Here at TYU, we like to branch out of the Yankee realm every so often and bring you content relating to the non-Yankee teams in baseball. This series, which we’re calling the Case for Cooperstown Series, will deal with some non-Yankees and, obviously, their cases for Cooperstown.
I’m leading off here with everyone’s favorite HOF case, Bert Blyleven. I have a good feeling that I’ll be preaching to the choir when I say this, but Bert Blyleven should be in the Baseball Hall of Fame.
Bert owns a career 287-250 record (more on this in a bit), a 3.31 ERA (118 ERA+), a 1.198 WHIP, a 2.80 K/BB, and a 3.19 FIP. These are very good numbers. In more terms of counting stats, he’s got 3,701 strikeouts, fifth most in the history of the game. He has the 14th most innings pitched in history (4,970) and the 9th most shutouts in history (60). It’s worth noting that he gave up the 8th most homers ever (430), but he still overcame that to have a good FIP; that’s what a lot of strikeouts and not too many walks will do for you.
In terms of pitcher WAR, Bert is 13th all time. He is the only eligible pitcher in the top 25 not currently in the Hall of Fame (Roger Clemens, Randy Johnson, Mike Mussina, and Pedro Martinez are obviously not eligible yet). So, basically, Blyleven was more valuable that almost each HOF pitcher in baseball. This sort of longevity is remarkable and should be rewarded.
Now, a lot of people think that longevity allowed Blyleven to “compile” his stats. That is, he was just okay for a long period of time, so his numbers look better than they really are. Let’s look more deeply into that…
Category/Times finished in the top ten:
So, for the majority of his career, Blyleven was a top pitcher in his league. Now, he also appeared in the top ten for losses a handful of times. Let’s look at this years…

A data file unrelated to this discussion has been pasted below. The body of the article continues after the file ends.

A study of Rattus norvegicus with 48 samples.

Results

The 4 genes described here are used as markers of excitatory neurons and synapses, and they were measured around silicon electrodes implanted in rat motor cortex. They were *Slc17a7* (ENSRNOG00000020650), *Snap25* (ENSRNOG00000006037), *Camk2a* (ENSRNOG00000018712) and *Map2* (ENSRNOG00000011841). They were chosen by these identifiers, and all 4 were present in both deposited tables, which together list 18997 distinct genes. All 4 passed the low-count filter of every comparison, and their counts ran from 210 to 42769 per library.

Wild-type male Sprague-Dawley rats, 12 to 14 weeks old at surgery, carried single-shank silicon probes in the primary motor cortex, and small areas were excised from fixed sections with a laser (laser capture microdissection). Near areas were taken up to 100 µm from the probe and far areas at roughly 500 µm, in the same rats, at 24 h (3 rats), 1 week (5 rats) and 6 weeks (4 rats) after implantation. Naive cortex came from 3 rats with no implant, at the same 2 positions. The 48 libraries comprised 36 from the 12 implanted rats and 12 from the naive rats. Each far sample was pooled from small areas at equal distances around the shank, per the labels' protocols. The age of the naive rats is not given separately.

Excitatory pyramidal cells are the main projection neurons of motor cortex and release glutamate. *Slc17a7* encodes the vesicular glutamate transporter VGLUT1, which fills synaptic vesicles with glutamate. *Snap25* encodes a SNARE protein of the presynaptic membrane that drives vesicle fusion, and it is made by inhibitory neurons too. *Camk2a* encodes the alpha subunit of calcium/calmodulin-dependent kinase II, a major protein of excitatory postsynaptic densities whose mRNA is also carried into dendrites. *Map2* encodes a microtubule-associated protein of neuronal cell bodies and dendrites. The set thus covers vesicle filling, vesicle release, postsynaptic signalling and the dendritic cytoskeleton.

In 1971-4 and 1976, Blyelven had between 15-17 losses each year, despite ERAs under three. His ERA+ numbers in those years: 126, 119, 158 (led league), 142, 125 (116 w/Min, 131 w/Tex). His FIPs those years? 2.51, 2.63, 2.32, 2.37, 2.71. It’s clear that Blyelven was doing his part, but he wasn’t getting much support. In those seasons of 15+ losses with ERAs under three, Bert’s average run support was 3.64. His career run support was 3.77. That’s not a lot of support. At all. Want more proof? Rich Lederer, please:
Rich Lederer, a baseball analyst and historian, studied Blyleven’s career and estimates that if he had received even league-average run support, his record would be closer to 313-224 than his 287-250.
Blyleven was victimized by some pretty bad teams and if he’d even had just league average offensive production from those guys behind him, he’d’ve had a bunch more wins. That “magic” 300, or lack thereof, is getting in his way and it’s pretty unfair. As you can see by his numbers, mainly his ERA+ and FIP numbers, Blyleven did what he could to help his teams win. But, as in every sport, one man can only carry a team so far.
Blyleven pitched a lot of innings as a great pitcher. Those things should get you into the Hall of Fame. Bert Blyleven should be in the Hall of Fame.